Wednesday

28th Sep 2022

EU activates mutual defence clause for France

  • French military in Sahel. "France cannot do everything on its own," the defence minister has said. (Photo: French ministry of defense)

EU member states agreed Tuesday (17 November) to grant military assistance to France following Friday's terror attacks in Paris.

For the first time in EU history, defence ministers unanimously decided to activate the "mutual defence clause" of the EU treaty.


French president Francois Hollande had invoked article 42.7 of the EU treaty in an address to the parliament Monday.

 "If a member state is the victim of armed aggression on its territory," the article states, "the other member states shall have towards it an obligation of aid and assistance by all the means in their power."

"It is a very important political act," French defence minister Jean-Yves Le Drian told the press. "It will enable us to have the necessary bilateral discussions and the essential coordination to let us translate those commitments into action."

While EU law also includes a solidarity cause in the event of a terrorist attack, to "protect democratic institutions and the civilian populace", France chose to ask for help for its external military operations.

France expects "capabilities cooperation on French interventions in Syria and Iraq, or relief or support in other operations," Le Drian said.

In addition to launching strikes against the Islamic State group and protecting its own territory, France has sent troops to the Sahel region, the Central African Republic, Lebanon, and to several minor theatres. 

Around 7,000 troops are deployed overseas.

"France cannot do everything on its own any longer," Le Drian said.

Bilateral talks have begun between France and other member states to clarify French needs and other countries' capabilities.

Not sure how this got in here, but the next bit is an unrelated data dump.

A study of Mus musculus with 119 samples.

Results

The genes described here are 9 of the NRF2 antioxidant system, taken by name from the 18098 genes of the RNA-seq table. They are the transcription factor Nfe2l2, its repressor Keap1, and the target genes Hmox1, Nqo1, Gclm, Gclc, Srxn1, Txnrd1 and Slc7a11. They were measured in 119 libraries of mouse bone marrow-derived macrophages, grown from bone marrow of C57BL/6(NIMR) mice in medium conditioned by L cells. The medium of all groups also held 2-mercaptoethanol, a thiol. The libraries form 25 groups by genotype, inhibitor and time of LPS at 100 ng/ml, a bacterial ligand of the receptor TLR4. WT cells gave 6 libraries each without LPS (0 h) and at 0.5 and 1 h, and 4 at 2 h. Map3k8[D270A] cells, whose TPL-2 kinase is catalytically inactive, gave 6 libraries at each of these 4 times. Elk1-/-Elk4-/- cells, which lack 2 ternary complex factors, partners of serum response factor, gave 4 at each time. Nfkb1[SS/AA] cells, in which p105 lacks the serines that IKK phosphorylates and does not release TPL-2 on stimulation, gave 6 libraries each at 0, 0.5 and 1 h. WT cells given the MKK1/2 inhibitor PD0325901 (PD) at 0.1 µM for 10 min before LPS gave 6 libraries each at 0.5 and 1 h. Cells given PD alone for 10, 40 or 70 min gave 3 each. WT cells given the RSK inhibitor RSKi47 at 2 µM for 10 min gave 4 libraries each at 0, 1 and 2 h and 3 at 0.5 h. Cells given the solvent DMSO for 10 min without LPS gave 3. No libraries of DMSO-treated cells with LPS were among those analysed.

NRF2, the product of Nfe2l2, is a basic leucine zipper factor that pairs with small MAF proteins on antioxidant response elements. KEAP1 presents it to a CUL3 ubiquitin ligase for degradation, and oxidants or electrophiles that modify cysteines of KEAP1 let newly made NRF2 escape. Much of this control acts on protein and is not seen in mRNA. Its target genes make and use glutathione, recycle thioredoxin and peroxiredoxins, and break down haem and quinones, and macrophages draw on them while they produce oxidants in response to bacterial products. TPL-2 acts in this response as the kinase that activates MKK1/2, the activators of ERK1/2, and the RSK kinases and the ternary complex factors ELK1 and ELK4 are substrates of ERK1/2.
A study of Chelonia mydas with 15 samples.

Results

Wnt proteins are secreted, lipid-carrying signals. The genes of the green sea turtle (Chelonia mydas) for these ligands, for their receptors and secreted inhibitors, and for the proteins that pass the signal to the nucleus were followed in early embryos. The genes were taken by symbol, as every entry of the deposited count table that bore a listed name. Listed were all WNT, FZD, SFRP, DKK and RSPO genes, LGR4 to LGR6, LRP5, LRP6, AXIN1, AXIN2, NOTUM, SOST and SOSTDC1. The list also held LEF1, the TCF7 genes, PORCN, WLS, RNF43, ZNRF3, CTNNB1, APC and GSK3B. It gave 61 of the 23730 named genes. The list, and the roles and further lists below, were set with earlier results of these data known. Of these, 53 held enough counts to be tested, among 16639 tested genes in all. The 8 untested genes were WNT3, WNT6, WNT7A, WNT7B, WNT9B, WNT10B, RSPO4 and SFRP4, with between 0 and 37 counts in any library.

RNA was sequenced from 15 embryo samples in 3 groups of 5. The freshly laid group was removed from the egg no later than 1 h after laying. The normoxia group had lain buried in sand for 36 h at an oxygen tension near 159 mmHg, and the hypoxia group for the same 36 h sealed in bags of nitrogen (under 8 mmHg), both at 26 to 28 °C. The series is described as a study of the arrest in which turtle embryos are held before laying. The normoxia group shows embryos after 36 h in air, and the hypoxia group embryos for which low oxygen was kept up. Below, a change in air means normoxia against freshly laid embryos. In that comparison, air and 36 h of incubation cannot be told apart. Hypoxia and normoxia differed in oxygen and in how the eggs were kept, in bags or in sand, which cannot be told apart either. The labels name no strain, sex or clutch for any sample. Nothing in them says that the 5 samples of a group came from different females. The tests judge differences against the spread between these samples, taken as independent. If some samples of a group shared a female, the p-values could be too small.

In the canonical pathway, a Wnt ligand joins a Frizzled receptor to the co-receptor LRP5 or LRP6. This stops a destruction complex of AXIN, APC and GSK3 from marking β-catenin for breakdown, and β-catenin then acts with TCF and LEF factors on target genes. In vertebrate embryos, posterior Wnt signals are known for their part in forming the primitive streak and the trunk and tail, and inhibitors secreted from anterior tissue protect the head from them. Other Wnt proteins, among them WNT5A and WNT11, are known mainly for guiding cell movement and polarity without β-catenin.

Although all member states agreed to activate the mutual defence clause, some are more wary of sending troops to external theatres.

'A political act'

"All member states will be able to contribute in the spirit of their own defence policies and foreign policies," said Federica Mogherini, who seemed to downplay the operational implications of the decision. "It is, first of all, a political act, a political message."

The EU diplomacy chief also stressed that "Europe's response [to the attacks] is not a solitary one. It falls within a common, regional, global strategy with our Arab friends and with the rest of the international community".

On Monday, Hollande called for a "large and single coalition" against the Islamic State in Syria.

Signaling a policy shift towards Russia, he added that he would soon meet Russian president Vladimir Putin. Until now, France had opposed the anti-terror coalition proposed by Putin.

On Tuesday the Russian air force bombed the IS stronghold of Raqqa,where the French had already struck twice on Sunday and Monday evening, as well as in Alep and Idlib. 



Putin also admitted on Tuesday that the Russian aircraft that crashed in Sinai on 31 October, killing 234 people, was downed by terrorists. He had previously ruled out any terror act.

His admission may indicate that he is ready to cooperate against IS with France, Britain, the US, and the EU member states ready to join operations in Syria.

France seeks answers to security challenge

Police raids in France and strikes in Syria after the deadly Paris attacks show French authorities have to find internal and external strategies against terrorism.

Weak start for EU mutual defence clause

EU military assistance was granted to France after the November attacks in Paris. But its effects have been limited and its implementation is lacking in clarity.

Anti-terror raid in Paris region

Eight suspected terrorists are reported dead or arrested. The mastermind of Friday's Paris attacks was targeted.

Column

EU should admonish less, and listen more, to the Global South

Whether on Russia, or gas, or climate change, or food security, the EU's constant finger-wagging and moralising is becoming unbearably repetitive and self-defeating. Most countries in the Global South view it as eurocentric and neo-colonial.